Our daily round-up of news from the art world
Cost of maintenance presents funding difficulties for England’s cathedrals | Rising costs for maintenance and repairs mean that as many as half of England’s cathedrals are facing ‘financial crisis’, reports the Guardian. Adrian Newman, Bishop of Stepney and chair of the Cathedrals Working Group, warns that the cathedral sector is experiencing financial difficulties of ‘a new scale and depth’. Newman points to a shortfall in public funding, as well as ‘voracious’ legislative demands.
Missing Festival of Britain sculpture identified in hotel garden | A sculpture by the Hungarian-born artist Peter Laszlo Peri, which went missing after the Festival of Britain, has resurfaced in the garden of a London hotel. The Sunbathers, which was mounted over the entrance to Waterloo station during the 1951 event, was identified from a photography by visitors to Historic England’s Somerset House exhibition devoted to lost pieces of art. Historic England has launched a £15,000 appeal to pay for the restoration of the work. If the appeal is successful the sculpture will be displayed on the South Bank this summer.
NEA report reveals economic significance of arts in all 50 states | The National Endowment of the Arts and the Bureau of Economic Analysis have released the results of a USA-wide survey of the impact of arts and culture in every state. The report concludes that cultural activities contributed nearly $730m to the economy from 1998–2014, representing a 35 per cent growth in terms of art and culture’s contribution to GDP.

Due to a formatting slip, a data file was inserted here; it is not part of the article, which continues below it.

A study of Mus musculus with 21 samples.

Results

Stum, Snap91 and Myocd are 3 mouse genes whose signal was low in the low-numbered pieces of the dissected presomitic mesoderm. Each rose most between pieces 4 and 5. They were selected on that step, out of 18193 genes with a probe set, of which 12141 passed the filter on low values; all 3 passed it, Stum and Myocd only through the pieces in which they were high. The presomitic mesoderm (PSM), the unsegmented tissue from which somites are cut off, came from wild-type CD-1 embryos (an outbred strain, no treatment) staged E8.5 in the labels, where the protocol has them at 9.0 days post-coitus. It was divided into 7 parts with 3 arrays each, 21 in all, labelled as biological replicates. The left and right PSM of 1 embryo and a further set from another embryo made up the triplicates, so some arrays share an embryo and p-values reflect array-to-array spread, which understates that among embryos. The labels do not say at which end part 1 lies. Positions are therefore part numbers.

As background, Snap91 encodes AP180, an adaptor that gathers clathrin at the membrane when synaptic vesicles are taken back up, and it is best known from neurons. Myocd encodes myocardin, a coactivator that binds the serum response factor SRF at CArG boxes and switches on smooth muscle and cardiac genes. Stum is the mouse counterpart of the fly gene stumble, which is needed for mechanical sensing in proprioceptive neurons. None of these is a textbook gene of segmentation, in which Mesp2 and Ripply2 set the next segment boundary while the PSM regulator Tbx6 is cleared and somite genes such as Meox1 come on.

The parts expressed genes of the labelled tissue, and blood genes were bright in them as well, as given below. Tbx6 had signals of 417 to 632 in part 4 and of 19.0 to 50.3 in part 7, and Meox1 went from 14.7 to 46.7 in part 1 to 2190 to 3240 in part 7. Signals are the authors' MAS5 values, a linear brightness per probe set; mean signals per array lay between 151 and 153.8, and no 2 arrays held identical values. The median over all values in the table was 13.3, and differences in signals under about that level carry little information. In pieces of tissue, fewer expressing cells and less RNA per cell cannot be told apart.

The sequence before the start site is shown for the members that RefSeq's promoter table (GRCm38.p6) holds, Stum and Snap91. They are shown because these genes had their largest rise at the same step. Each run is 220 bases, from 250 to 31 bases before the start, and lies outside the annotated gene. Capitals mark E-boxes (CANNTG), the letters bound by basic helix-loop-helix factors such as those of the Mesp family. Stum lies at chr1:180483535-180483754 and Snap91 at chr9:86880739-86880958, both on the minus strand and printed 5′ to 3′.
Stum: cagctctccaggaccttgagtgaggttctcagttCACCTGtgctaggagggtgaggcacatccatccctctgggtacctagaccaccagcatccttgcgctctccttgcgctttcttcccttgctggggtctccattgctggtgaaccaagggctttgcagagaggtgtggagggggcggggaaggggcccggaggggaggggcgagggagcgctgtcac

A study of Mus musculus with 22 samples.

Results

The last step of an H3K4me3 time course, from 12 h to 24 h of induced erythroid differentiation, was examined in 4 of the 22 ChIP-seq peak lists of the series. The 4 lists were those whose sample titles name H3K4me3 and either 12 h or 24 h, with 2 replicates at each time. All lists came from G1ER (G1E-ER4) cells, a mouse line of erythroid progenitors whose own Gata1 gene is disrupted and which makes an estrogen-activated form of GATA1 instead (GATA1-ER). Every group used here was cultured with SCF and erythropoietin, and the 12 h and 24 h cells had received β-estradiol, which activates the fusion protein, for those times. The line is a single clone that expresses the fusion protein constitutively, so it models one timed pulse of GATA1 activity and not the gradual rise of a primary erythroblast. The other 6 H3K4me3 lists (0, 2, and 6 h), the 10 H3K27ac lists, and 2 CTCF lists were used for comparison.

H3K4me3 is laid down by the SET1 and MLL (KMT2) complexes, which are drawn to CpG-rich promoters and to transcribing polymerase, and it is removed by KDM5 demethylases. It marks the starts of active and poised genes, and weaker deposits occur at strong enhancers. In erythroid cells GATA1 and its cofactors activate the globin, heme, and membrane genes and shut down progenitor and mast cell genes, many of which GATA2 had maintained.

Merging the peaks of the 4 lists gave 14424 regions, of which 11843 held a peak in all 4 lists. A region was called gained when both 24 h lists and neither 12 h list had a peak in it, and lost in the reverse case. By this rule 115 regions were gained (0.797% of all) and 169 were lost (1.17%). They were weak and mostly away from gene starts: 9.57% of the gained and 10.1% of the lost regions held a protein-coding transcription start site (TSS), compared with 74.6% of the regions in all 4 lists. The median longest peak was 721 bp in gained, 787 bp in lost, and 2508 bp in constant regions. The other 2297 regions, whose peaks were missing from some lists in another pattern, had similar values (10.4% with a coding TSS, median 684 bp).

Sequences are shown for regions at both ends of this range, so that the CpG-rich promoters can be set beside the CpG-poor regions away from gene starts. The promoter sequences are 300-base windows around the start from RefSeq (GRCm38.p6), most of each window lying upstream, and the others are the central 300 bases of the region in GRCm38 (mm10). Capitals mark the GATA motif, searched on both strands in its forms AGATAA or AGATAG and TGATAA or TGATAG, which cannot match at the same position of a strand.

Claire Doherty appointed director of Arnolfini | Bristol’s Arnolfini Gallery has announced that Claire Doherty is to take over as its new director on 1 August. Doherty, the founding director of public-art platform Situations, succeeds Kate Brindley, who announced that she was to stand down last December. ‘Claire is an inspiring leader, both visionary and entrepreneurial, and has excited us with her ideas for a vibrant future for Arnolfini’, says Anna Southall, chair of the Arnolfini’s trustees.
Recommended reading | ‘Right now, the art world is on a perpetual boil’, writes Carl Swanson in New York magazine. Swanson identifies a resurgence in political art in the United States. But, he asks, is this activism more than posturing? Elsewhere, Newsweek’s Sultan Sooud Al-Qassemi considers how, during the Cold War, the CIA used art for its political ends in the Middle East. In the FT, Jane Ure-Smith revisits the career of Sidney Nolan ahead of a retrospective at Chichester’s Pallant House gallery.